The recent revelations regarding alleged sexual harassment, rape and abuse by Hollywood powerhouse producer, Harvey Weinstein, comes ironically at a time when we are celebrating the increasing influence of women (WONDER WOMAN) and minorities (Ed Skrein yielding to Daniel Kim) in the film industry.
Unfortunately, the movie industry is prone to abuses of power because the very nature of casting is subjective. This isn’t like any other job where your credentials or degrees mean anything. It’s all subjective: How do you look? Who do you know? Do you have “chemistry?” And do you get along with the director? Your co-stars? It’s no surprise that the Hollywood casting couch has been notorious since the very beginning of the industry.
Witness the bizarre protests by Matt Damon and Ben Affleck – both claiming ignorance of Harvey Weinstein’s abuses
Hollywood is all about building clout and influence. The more power you gain, the more opportunities you can create for yourself and allies. Witness the bizarre protests by Matt Damon and Ben Affleck – both claiming ignorance of Weinstein’s abuses. Rose McGowan blasted Ben Affleck on Twitter for his denial, “You lie.” And hours later, MTV host Hilarie Burton tweeted to remind Affleck that he had grabbed her breast on TV back in 2003 when he was promoting PEARL HARBOR – Affleck quickly tweeted an apology. It was just last year when Matt and Ben formed a united front to help Casey Affleck’s Oscar campaign steer clear of his own sexual harassment charges.
So this is where the other shoe drops in the growing Harvey Weinstein scandal. Do you condemn his actions? Of course, 99 percent do (the 1 percent here is so far only Donna Karan and Lindsay Lohan). But did you know of them beforehand? And if you did, why didn’t you speak up? The press has eagerly pointed to the scores of celebrities who have benefited from Weinstein and his successful Oscar campaigns since the 1990s. Meryl Streep, Judi Dench, Matt and Ben, Kevin Smith, Gwyneth Paltrow – the list is considerable, and to the cynical movie buff, one has to wonder how many paid the price to get access to Weinstein’s hit-making Oscar machinery, first at Miramax and then at The Weinstein Company.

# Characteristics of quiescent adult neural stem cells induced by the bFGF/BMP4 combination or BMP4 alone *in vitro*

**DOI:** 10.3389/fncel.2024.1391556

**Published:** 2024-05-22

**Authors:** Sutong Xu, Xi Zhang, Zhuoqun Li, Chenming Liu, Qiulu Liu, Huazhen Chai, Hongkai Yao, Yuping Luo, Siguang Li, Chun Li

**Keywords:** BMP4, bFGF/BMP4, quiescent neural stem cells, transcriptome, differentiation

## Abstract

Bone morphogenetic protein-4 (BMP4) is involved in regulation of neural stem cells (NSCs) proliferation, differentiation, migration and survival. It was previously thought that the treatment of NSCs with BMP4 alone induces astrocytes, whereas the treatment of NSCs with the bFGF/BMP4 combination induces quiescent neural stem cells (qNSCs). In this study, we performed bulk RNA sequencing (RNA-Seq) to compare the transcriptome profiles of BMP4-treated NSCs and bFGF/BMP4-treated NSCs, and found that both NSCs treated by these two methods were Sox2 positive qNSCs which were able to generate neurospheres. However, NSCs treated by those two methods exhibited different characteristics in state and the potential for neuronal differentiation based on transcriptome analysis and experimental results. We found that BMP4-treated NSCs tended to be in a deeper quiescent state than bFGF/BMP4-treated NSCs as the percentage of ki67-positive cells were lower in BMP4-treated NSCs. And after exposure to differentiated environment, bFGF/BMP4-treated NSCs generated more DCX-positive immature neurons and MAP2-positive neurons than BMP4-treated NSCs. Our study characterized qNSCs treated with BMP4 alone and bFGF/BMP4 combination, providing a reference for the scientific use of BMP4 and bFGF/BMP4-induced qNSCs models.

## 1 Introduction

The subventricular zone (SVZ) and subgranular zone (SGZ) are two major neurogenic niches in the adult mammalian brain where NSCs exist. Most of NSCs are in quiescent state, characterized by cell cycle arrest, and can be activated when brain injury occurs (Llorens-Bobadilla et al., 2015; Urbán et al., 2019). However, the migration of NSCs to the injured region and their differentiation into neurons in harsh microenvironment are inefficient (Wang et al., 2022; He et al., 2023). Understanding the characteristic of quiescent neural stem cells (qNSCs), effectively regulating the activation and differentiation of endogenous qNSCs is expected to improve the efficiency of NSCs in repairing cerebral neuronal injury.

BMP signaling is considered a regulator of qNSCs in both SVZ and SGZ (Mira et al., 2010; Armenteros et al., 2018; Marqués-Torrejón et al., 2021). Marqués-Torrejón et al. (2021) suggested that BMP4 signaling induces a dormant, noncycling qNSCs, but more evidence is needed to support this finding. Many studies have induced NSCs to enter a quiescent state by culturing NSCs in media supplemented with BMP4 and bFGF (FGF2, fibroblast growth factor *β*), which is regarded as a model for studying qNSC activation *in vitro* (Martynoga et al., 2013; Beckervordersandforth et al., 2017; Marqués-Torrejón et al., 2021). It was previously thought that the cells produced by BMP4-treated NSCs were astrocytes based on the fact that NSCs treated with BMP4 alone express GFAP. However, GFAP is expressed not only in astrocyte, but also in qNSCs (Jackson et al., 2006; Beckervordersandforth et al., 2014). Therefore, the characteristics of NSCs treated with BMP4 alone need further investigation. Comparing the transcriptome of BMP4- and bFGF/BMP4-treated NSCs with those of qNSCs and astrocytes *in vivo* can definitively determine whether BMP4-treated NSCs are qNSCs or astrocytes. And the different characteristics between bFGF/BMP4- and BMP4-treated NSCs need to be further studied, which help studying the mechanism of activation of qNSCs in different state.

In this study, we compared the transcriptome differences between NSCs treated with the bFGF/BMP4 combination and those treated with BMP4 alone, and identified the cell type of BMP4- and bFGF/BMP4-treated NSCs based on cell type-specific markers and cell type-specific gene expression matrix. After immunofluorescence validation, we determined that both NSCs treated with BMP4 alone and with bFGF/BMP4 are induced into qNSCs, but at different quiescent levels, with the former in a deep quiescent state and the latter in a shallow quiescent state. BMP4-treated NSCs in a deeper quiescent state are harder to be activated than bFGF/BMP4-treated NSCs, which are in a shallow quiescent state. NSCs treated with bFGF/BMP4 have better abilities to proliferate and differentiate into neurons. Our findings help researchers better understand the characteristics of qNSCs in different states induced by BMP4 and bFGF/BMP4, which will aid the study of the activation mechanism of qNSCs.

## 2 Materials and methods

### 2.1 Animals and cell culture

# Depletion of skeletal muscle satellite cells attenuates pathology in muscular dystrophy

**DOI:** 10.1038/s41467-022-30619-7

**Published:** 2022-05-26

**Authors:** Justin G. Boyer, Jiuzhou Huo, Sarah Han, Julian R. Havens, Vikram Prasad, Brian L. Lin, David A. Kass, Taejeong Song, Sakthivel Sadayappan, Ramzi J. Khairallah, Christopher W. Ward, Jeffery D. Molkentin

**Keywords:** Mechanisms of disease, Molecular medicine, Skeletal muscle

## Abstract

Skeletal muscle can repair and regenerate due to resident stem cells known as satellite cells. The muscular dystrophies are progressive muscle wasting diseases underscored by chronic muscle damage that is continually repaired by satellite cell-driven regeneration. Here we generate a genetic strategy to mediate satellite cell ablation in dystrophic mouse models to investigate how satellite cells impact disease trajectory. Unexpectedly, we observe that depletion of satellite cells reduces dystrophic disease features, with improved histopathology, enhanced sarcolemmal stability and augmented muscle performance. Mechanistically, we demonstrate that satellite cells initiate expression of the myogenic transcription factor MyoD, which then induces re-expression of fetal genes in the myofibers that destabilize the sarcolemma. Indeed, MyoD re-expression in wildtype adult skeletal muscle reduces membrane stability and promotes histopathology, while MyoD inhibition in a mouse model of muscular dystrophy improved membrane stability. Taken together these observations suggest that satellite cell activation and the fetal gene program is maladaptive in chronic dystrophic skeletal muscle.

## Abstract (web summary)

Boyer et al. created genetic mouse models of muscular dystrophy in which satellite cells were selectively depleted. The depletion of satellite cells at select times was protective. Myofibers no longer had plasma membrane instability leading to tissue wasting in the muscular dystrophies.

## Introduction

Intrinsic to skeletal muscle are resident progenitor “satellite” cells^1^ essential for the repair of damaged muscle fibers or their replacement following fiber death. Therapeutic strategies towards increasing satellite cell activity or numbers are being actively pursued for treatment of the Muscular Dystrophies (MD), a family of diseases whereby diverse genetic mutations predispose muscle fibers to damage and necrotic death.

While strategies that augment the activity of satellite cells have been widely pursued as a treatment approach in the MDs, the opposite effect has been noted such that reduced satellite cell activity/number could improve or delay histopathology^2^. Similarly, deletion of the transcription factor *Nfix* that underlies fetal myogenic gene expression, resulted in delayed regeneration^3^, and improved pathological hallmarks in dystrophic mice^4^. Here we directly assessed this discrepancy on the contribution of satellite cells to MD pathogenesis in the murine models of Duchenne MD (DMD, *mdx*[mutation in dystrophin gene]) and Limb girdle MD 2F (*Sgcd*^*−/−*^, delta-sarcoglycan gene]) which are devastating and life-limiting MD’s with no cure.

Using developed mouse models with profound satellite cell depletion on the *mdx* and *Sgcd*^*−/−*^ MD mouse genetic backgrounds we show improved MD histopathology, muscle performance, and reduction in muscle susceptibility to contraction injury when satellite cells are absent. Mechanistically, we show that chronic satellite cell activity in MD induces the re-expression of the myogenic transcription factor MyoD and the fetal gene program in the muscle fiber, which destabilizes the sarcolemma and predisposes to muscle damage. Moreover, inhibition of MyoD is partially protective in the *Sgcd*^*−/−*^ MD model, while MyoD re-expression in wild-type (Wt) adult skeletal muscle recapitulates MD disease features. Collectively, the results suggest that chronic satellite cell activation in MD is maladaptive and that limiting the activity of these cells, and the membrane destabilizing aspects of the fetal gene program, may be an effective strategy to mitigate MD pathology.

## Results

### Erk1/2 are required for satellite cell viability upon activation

Back at the 2012 Oscars, host Seth McFarlane read (watch the video) the list of Best Supporting Actress nominees, quipping, “Congratulations, you five ladies no longer have to pretend to be attracted to Harvey Weinstein.” The audience laughed.
The movie industry is prone to abuse of power because the very nature of casting is subjective.
Ultimately, will the Weinstein scandal change Hollywood? Perhaps. Slowly. Ever since the #OscarsSoWhite campaign, the industry is beginning to realize that its executives and power brokers – long dominated by white men – needs to change to be in tune with the real world. And these abusers are also realizing that ‘out of court settlements’ don’t necessarily sweep their scandals under the rug.
Hollywood is selective about its grudges. Bill Cosby? Roman Polanski? Hollywood does not forgive sexual abuses. Mel Gibson? Christian Bale? Casey Affleck? Some abuses are forgiven and forgotten. The visceral reaction to Harvey Weinstein will hopefully have a lasting effect so that women – and men – no longer need to fear trading in sexual favors for a role.
About the contributing writer: Harrison Cheung is the award-winning author of the Christian Bale biography, THE INSIDE STORY OF THE DARKEST BATMAN.